Coordination/Synthetic Chemist Returns to Cameroon Ready to Train Next Generation of African Scientists on Wistar’s World-Class Analytic Chemistry Techniques
“Our hope is to build a center with the same reflection of Wistar in science and administration.”
In three short months as a Visiting Scholar with The Wistar Institute in Philadelphia, Donatus Bekindaka Eni, BSc., MSc., Ph.D., a lecturer from the University of Buea in the South West Region of Cameroon, experienced a number of career and life-changing firsts. Despite having earned progressive degrees in Biochemistry, Chemistry and then Inorganic Chemistry, it was in a Wistar lab where he first experienced the liquid chromatography-mass spectrometry (LC-MS) and Nuclear Magnetic Resonance (NMR) analytic chemistry instruments. He also witnessed at Wistar the enzyme-linked immunosorbent assays (ELISA) protocol in action. Finally, and perhaps most-eye opening, for the first time in his life, this scientist from tropical Central Africa opened his curtains to a landscape dusted in snow.
A lecturer and published author, Dr. Bekindaka Eni is the third academic from the University of Buea to travel to Wistar as part of a multi-year collaboration between the two research institutions. Wistar is collaborating with the University in the development of Center for Drug Discovery (UB-CeDD) through the Calestous Juma Science Leadership Fellowship awarded to Fidele Ntie-Kang (grant award number: INV-036848 to University of Buea) where scientists study medicinal plants, natural product compounds, and locally synthesized chemical compounds to treat infectious diseases impacting the Sub-Saharan continent, especially on SARS_CoV-2 and HIV.
Dr. Ntie-Kang, who heads the University research center, briefly visited Philadelphia last fall, while University Ph.D. student Chantal Emade Nkwelle spent last September to February for immersive training in many of Wistar’s laboratory techniques. Last fall, Wistar’s Dr. Ian Tietjen, Research Assistant Professor in the Montaner Lab, traveled to Cameroon to help create a strategy that would best apply Wistar’s resources to the University’s needs to expand antiviral and drug discovery abilities.
Now, upon his return to Cameroon, Dr. Bekindaka Eni will train University of Buea scientists and students on the analytical techniques he learned first-hand during his time learning alongside Wistar colleagues.
“We finally have the facilities in Cameroon, and now our hope is to build a center with the same reflection of Wistar in science and administration,” Dr. Bekindaka Eni says. “It may take several years to catch up. After all, Wistar is quite an old institution! The University of Buea shall gain so much from this visit.”
Scientific valorization of traditional knowledge
UB-CeDD will be among the first on the African continent to use computer-aided methods to learn more about herbal compounds passed down through generations by traditional healers. By determining the chemical pharmacophores responsible for the antiviral or antibacterial activity of medicinal plants, scientists can identify the particular isolate in each that is responsible for their healing qualities, predict chemical toxicity, and discover how they function to treat illnesses, such as HIV or SARS-CoV-2, that disproportionately afflict African nations.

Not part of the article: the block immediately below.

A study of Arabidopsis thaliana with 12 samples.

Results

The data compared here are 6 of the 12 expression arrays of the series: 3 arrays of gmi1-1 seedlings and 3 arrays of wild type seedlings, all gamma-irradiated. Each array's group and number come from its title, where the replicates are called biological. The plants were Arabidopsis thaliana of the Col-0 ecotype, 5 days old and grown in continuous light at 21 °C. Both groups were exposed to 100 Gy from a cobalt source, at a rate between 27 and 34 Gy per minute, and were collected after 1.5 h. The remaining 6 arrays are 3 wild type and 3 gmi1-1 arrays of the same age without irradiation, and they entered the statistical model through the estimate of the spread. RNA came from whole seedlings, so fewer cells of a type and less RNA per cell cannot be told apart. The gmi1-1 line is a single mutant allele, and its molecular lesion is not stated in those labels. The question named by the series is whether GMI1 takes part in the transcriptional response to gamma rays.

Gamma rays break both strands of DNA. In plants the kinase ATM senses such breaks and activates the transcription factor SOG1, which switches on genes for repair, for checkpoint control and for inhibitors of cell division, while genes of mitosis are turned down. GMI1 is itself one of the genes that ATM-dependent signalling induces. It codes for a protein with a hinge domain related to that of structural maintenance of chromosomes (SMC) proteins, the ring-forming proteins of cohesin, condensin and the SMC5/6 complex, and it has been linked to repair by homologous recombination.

“These spiritual doctors have told us what a plant can cure. Now, our research will help us better understand what the different products in that plant consist of, and how they function to cure a particular illness; that is, valorization of traditional knowledge,” Dr. Bekindaka Eni says.
“Scientific valorization of traditional knowledge will be key to helping our people live in good health.”
While at Wistar, Dr. Bekindaka Eni spent every possible moment in Wistar’s synthetic labs, especially appreciating the opportunity to monitor reactions using LC-MAs. This analytical chemistry technique combines the physical separation capabilities of liquid chromatography with the mass analysis capabilities of mass spectrometry. In Cameroon, scientists currently use less powerful thin-layer chromatography (TLC) plates to monitor the progress of a reaction or ascertain the effectiveness of purification.
“LC-MS is are one of the things that really captured me,” he said. “I was taught in my B.Sc. and we applied it in both M.Sc. and Ph.D. program on the principle of LC-MS and how it works, but I’d never seen it. At Wistar, I not only got to see it, I used it. It was quite exciting!”
Other highlights of his time with Wistar were the idea exchanges from weekly lab meetings run by Luis J. Montaner, D.V.M., D.Phil., and Joseph Salvino, Ph.D., and time spent in Wistar’s Molecular Screening & Protein Expression Facility managed by Joel Cassel. It was there that Dr. Bekindaka Eni became skilled at using the ELISA protocol, an important diagnostic tool in plant and medicine pathology. The protocol detects the presence of antigens in biological samples and is commonly used to test for antibodies indicating HIV or SARS-CoV-2 infection – a skill he is now eager to pass on to students at the University of Buea.
“The science level at Wistar is superb,” he notes.
Dr. Bekindaka Eni acknowledges that the underlying medicinal synthetic approach for organic synthesis is the same for scientists at both ends of the Wistar/University of Buea exchange, with one great advantage in the States being the use of high-tech equipment.
“In Wistar labs, scientists purify compounds by the use of Biotage®. In Cameroon, we do it manually,” he says. “Other than equipment, however, I was very happy to understand that what we do down there is not too different from what is done at Wistar.”
Regardless of method, the goal in organically synthesizing these products is also the same in either nation, which makes this intercontinental collaboration especially meaningful.
“At Wistar or in Cameroon, we’re all doing this work to save lives.”